Captain Robert Mitchell studied engineering, became a local councillor and borough treasurer, and declined an invitation to stand for parliament before going to Edinburgh University to study for a BSc in Chemistry in 1928. In 1933, he graduated in medicine and obtained his MB ChB.
During the Second World War, Robert Mitchell served in Royal Army Medical Corps, where he was responsible for public health in Malta and later served in Sicily where he was mentioned in despatches.
In 1953, Robert Mitchell became a Medical Officer of Health for Burton on Trent. He was previously an Assistant Medical Officer of Health for Oldham at a time of serious staff shortages. During the next twenty years he developed staff and services considerably. Having himself had poliomyelitis, he was especially concerned with preventing this disease and was responsible for an unpopular closure of all leisure activities in and on the Trent after securing the ministry's help over inadequate cooperation from the local council. The immunisation figures rose, and he was singular in resisting strong pressure for too early use of the Salk vaccine until adequate safety standards had been established. He succeeded in persuading the local authority to build and develop excellent adult training and mental welfare centres.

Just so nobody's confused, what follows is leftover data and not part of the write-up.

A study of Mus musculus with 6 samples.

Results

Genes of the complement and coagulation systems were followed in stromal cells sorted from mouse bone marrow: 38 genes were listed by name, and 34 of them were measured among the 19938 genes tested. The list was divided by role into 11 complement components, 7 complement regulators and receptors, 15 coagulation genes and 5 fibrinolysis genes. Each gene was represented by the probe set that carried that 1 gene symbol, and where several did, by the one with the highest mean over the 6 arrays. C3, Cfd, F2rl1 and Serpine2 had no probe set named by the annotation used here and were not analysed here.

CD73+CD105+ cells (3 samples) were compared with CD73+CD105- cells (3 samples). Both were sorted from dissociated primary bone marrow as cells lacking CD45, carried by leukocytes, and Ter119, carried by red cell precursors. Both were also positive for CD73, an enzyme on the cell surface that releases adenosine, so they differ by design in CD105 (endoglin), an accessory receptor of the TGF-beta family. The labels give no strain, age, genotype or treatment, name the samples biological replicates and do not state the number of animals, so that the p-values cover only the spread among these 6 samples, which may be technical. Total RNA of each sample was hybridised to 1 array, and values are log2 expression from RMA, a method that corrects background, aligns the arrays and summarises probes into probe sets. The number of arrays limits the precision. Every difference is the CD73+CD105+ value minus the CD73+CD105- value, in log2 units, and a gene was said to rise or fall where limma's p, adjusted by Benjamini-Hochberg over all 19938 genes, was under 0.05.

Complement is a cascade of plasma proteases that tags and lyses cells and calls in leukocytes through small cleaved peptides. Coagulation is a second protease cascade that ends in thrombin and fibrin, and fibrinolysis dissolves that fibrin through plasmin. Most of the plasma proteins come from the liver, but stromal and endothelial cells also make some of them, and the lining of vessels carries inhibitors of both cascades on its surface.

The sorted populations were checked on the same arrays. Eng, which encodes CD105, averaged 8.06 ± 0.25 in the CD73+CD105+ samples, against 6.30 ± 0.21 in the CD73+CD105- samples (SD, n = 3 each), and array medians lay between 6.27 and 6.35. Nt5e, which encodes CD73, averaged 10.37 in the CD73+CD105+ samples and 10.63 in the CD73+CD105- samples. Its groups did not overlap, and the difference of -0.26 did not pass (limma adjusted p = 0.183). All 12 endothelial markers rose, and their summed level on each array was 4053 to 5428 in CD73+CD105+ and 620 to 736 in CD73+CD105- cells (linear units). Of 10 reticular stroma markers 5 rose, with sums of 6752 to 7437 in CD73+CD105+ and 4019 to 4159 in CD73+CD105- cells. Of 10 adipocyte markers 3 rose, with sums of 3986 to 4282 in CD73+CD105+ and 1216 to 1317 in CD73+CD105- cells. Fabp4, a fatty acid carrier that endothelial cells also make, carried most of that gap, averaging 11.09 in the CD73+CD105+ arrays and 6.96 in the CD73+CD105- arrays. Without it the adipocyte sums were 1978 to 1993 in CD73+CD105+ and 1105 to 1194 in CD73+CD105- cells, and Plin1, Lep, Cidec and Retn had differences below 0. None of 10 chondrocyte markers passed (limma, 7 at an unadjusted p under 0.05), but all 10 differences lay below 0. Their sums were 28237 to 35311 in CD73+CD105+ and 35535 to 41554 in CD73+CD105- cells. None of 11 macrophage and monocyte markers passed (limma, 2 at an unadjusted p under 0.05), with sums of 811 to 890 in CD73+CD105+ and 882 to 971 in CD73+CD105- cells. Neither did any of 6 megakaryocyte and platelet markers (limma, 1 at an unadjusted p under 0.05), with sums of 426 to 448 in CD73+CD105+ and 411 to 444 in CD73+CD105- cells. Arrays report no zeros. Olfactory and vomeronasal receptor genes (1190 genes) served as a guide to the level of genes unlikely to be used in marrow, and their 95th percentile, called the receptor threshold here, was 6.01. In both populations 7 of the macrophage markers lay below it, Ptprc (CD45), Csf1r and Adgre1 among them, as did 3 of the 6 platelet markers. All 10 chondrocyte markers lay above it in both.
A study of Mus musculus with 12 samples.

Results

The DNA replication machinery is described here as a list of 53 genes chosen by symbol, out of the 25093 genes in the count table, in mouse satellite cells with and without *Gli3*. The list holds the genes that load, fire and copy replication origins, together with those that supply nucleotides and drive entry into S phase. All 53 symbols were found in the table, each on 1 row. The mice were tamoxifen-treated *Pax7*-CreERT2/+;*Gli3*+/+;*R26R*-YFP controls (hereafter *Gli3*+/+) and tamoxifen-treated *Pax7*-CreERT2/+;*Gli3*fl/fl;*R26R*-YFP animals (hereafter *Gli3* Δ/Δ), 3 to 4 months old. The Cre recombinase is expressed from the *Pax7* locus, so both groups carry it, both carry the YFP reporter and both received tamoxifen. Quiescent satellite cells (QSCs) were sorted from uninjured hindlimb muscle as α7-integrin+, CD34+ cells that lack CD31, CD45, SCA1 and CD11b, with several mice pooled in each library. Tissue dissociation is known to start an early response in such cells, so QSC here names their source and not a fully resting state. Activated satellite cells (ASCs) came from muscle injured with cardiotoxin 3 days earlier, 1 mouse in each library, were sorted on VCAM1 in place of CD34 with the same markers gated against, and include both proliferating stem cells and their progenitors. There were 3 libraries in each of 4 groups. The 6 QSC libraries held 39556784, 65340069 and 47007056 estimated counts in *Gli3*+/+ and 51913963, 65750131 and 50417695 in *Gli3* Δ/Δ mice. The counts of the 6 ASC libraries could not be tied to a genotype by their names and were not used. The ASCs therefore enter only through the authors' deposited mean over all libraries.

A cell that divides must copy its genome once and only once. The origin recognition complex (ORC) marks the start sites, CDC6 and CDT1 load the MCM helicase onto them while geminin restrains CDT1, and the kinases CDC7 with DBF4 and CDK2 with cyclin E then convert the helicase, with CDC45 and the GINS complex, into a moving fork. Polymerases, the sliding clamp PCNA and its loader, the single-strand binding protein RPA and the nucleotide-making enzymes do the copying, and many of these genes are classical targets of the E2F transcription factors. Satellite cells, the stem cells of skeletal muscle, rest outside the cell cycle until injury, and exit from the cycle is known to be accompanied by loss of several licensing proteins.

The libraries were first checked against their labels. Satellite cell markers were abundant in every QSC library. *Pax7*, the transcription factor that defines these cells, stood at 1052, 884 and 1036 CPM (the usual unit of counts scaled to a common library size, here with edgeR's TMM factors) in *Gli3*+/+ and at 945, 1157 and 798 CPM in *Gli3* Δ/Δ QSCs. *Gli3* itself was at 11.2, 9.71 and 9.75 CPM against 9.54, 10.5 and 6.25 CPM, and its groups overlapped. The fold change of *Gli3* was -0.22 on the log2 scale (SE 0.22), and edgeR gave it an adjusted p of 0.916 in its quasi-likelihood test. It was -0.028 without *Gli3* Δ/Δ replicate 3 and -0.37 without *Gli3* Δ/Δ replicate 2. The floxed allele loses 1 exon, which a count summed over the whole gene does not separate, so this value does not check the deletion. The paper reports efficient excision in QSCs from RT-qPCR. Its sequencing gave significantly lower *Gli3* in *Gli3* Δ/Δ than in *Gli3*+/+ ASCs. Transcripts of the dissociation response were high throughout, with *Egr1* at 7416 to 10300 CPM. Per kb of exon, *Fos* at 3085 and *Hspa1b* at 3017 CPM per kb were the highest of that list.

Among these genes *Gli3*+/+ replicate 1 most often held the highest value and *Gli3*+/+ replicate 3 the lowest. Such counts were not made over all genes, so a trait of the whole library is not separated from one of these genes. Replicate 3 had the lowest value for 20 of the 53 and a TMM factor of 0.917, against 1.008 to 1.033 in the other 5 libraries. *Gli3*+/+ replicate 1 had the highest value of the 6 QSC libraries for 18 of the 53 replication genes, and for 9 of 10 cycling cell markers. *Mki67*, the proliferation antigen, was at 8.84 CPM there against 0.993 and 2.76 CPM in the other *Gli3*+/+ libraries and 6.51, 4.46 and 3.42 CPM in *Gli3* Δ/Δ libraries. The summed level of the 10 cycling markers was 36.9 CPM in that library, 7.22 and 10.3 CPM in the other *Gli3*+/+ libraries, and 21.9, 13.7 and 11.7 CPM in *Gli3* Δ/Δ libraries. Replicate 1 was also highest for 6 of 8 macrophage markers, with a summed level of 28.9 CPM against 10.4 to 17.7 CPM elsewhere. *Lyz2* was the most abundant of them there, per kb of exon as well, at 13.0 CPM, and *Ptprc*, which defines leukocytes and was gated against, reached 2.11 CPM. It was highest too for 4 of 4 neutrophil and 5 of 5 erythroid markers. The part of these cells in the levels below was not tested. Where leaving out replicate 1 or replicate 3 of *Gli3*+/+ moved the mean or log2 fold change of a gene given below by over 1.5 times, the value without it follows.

Dr Mitchell was rarely met outside his work and never went away on holiday. His hobbies included horology and all do it yourself activities at his home: any local plumber, electrician, or builder called in always learnt far more than he expected. He had an encyclopaedic knowledge. After 40 years with Dorothea, his younger sister and only relative, he was desolated by her death. Afterwards he pacified his active mind by regular visits to the library at Burton Graduate Medical Centre.